Egypt has the largest patient population in the Middle East and North Africa and plays an increasingly pivotal role in the research, development and manufacturing of new medicines. The country hosts more clinical trials for new treatments than any other in the region.

But hasty action in Cairo could put these gains at risk. In January, the Egyptian government formed a special committee to take away patents that protect new medicines and other valuable inventions.

Such drastic action – known as “compulsory licensing” – would enable special interests to make, use, sell or import the invention.

Breaking a patent is like breaking a promise. And it is not an effective way to improve health outcomes for Egyptians.

In fact, it can further delay patient access to innovative treatments, limit the ability of inventors to bring new medicines to market and drive up drug costs.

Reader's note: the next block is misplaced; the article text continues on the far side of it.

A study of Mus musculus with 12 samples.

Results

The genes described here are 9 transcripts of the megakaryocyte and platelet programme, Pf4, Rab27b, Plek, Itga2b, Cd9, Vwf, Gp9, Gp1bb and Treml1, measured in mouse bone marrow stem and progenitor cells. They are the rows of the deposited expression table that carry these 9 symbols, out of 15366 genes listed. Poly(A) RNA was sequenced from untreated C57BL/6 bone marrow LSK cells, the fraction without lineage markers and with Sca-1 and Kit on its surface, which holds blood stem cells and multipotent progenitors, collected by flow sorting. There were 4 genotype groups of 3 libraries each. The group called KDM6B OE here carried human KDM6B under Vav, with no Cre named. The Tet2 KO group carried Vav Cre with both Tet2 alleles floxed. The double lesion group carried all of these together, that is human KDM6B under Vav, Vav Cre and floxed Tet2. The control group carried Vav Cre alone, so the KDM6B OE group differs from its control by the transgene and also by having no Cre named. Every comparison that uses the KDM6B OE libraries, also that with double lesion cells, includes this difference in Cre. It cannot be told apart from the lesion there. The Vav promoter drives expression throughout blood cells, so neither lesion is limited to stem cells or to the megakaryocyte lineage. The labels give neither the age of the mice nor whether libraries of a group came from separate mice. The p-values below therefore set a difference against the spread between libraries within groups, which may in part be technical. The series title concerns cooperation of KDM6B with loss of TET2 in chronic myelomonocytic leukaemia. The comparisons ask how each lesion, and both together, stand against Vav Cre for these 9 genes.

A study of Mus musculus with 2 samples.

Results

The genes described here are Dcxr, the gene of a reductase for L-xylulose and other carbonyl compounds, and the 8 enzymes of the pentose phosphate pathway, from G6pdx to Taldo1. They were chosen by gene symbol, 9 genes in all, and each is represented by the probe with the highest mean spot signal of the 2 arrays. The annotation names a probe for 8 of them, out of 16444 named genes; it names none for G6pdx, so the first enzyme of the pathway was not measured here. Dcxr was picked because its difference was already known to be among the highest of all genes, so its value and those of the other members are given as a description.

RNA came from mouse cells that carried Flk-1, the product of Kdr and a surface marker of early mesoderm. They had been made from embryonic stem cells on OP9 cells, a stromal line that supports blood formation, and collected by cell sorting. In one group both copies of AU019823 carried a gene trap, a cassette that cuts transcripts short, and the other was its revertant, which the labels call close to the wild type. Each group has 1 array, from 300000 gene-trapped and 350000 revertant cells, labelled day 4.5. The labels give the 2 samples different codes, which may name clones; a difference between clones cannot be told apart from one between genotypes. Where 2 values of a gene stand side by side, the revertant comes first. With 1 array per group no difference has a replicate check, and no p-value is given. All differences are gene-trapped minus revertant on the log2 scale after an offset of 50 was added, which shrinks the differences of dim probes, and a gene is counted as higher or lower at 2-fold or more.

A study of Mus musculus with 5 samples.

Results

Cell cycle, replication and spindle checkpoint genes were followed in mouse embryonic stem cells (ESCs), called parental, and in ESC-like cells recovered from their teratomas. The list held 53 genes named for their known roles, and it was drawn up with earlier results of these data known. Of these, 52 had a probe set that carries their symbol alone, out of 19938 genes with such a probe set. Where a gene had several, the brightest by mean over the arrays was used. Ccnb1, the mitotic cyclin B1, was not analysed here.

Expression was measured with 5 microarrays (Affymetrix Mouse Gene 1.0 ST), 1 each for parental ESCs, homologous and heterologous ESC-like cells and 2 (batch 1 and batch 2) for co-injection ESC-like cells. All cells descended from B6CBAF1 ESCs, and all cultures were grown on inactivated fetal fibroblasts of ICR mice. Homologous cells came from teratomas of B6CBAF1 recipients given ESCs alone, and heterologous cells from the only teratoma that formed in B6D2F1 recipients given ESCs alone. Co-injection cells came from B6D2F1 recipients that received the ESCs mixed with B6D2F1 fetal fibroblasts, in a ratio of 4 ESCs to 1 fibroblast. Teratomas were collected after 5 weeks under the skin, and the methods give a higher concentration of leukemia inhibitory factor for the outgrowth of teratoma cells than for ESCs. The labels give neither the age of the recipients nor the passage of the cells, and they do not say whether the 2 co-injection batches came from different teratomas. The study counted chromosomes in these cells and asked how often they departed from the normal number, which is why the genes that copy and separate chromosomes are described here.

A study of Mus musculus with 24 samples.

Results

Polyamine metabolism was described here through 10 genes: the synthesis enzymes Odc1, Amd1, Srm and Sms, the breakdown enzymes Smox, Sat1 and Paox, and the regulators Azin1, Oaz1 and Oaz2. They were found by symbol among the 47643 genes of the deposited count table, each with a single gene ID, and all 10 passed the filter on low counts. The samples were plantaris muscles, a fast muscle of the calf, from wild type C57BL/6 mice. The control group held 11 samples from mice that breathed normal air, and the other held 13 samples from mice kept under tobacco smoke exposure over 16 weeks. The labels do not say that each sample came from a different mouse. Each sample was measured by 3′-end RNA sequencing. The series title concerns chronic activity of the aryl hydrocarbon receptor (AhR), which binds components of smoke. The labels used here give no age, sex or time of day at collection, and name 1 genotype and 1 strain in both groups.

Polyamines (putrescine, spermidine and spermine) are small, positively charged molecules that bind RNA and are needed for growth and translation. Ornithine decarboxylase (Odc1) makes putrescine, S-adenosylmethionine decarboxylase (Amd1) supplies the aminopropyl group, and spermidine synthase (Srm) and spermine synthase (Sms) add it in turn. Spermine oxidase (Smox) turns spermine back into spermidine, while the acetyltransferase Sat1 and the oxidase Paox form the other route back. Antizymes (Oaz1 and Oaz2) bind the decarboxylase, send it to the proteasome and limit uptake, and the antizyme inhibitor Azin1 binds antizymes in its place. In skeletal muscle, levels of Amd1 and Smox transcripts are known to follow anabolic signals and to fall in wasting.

According to research, treatments produced under compulsory licenses can cost 25% more than those acquired through standard international procurement mechanisms.

Further, compulsory licensing has been shown to undermine local economic growth and deter investment in research and development toward new cures for patients who need them.

Instead of breaking promises, government officials should work to strengthen patent protections that foster economic growth and improve patient access to innovative treatments.

By working together, the Egyptian government and private sector inventors can develop solutions that meet today’s health care needs without undermining future innovation.